Big Shop- Click Images for Enlarged View
ISBU House
ISBU House
ISBU House
ISBU House
ISBU House


At the moment, this is my favorite design. When I have some free time I open it up and play around with it. I even started adding interior objects, which is not something I do often with these models.

The reasons I like it so much:
First of all it's a solid, practical structure that could be built very straight forward without any expensive engineering or alterations. The biggest item would be bar joists and perimeter beams to properly support the center units of the top level. Secondly, notice all the living space is on the top level. The entire lower levels- well that's the Big Shop. I love tinkering. I could have all that shop space- in my house! :)

The structure is based on 15 40' units and 12 20' units. I used the HC (High Clearance) units in this model. These have about 8' 6" interior floor to ceiling height. When stacked, there is actually an air space between the floor and roof of the units. However, this area is not exactly accessible once the units are stacked. I decided the most practical approach would be to run conduits/pipes in the ceiling area. It would then be easy to drop into a wall or drill up into the next level. If desired, it would be an easy option to install a drop ceiling that would be close to 8' AFF. Personally, I'd probably leave everything exposed. A lifetime of industrial work has given me an affinity for, well I believe they call it the "Industrial Look", lol.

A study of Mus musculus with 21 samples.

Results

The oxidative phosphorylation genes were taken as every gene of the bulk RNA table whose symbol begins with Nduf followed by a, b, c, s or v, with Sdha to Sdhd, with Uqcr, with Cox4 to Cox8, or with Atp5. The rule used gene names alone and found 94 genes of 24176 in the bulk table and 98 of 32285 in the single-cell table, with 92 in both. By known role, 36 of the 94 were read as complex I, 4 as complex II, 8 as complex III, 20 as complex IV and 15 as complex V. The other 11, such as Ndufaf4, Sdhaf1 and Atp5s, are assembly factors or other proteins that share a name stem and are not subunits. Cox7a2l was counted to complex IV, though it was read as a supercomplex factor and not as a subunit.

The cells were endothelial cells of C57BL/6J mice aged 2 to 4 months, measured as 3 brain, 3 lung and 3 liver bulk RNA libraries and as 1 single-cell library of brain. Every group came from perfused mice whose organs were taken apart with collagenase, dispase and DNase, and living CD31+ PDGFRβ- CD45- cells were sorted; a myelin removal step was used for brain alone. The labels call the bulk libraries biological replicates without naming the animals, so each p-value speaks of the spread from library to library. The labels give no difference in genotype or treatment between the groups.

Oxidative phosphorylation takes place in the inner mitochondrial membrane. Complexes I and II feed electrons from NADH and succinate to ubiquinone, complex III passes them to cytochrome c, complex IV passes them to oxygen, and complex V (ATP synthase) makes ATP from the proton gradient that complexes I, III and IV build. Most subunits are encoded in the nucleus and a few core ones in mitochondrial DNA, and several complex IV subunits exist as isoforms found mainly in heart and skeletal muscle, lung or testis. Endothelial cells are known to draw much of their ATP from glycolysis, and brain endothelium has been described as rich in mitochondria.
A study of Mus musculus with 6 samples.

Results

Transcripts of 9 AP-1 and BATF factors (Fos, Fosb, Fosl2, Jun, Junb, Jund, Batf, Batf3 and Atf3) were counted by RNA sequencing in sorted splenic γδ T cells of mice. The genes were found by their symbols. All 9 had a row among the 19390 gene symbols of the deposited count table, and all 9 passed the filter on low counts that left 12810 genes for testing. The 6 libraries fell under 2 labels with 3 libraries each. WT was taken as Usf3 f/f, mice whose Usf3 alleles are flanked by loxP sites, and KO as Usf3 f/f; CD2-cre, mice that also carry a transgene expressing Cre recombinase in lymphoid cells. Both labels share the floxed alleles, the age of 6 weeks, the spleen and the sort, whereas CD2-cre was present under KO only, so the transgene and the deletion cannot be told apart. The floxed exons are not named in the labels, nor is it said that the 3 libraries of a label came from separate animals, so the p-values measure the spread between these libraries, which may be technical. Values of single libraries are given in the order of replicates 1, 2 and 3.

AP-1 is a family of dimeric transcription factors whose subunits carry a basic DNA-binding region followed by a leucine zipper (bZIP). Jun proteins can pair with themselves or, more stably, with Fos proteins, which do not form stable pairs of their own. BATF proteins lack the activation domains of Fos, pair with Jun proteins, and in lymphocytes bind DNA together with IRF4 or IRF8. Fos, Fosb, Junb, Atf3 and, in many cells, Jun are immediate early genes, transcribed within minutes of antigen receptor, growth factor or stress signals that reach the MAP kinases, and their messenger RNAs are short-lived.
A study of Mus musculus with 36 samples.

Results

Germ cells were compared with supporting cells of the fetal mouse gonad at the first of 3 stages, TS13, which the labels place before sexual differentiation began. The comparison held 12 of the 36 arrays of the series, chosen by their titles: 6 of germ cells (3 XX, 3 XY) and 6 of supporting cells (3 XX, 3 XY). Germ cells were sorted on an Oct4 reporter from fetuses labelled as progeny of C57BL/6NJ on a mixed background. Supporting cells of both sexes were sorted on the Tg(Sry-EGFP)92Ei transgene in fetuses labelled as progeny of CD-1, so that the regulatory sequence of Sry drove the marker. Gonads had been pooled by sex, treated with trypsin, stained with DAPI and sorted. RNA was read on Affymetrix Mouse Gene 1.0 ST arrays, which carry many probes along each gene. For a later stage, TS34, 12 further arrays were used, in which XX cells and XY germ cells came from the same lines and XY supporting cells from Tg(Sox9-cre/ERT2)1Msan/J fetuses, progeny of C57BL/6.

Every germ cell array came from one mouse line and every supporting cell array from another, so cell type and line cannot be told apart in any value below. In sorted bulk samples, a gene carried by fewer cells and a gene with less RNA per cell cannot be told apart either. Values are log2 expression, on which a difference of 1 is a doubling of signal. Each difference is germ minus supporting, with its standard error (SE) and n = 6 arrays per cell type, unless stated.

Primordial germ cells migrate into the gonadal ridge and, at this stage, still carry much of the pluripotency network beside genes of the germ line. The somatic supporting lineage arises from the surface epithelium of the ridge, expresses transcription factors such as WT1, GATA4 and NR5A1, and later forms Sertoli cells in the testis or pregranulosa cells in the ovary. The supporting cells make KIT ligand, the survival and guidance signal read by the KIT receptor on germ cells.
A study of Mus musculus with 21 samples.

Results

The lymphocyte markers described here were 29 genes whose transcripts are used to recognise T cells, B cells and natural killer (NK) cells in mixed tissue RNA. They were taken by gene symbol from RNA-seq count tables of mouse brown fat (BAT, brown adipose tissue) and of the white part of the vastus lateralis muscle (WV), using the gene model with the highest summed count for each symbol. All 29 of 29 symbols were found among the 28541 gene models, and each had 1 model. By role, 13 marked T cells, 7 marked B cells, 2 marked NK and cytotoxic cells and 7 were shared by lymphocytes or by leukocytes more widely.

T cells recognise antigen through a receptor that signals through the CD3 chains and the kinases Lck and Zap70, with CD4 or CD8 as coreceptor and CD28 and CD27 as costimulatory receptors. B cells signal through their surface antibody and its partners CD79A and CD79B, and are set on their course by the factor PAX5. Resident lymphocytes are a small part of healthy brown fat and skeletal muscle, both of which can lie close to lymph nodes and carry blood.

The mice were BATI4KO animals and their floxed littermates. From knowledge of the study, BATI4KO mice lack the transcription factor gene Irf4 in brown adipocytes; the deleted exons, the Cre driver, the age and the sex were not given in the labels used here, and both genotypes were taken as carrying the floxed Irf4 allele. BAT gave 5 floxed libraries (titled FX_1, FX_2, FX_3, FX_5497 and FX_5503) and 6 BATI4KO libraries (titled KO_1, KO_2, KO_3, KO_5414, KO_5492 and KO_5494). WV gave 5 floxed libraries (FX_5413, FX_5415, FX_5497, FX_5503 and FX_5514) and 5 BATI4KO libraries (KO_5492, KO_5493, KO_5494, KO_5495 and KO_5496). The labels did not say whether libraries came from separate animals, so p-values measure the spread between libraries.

There are several aspects of this model I'm still moving around, mainly in the outer "hallways" of the top level. Still deciding what I'd like the best. I have a lot of real world details worked out, but it's more information than I feel like posting for now.

The lack of windows is intentional. What you don't realize from these images is the idea is for the structure to be partially buried/earth bermed. This is another favorite thing of mine. Going into the earth is just so efficient. If I stay with this model, I'll eventually create some landscape views to show this. Of course, going this route would invoke some additional "major" design requirements in terms of waterproofing, retaining walls, and load bearing requirements for the lower sections of the structure.

The roof is another area that would need attention. If it is left as a flat metal roof as currently shown, this would induce a serious problem in terms of heating/cooling. I have a few possible options in mind, but the general idea would require creating a shade and air flow zone by constructing a secondary roof layer. It's hard to look at all that flat surface area and not think about solar panels...

The open area of the shop (in the center) is around 52' x 40' (2080 sq ft) with around 17' 5" clearance height (bottom of the bar joists). Then of course I'd still have all the perimeter units to put my various workshops in. Incidentally, at the moment the top level is around 3700 sq ft. I tossed in the scale model of the semi-truck, with the top floor hidden, to give an idea of size of the shop.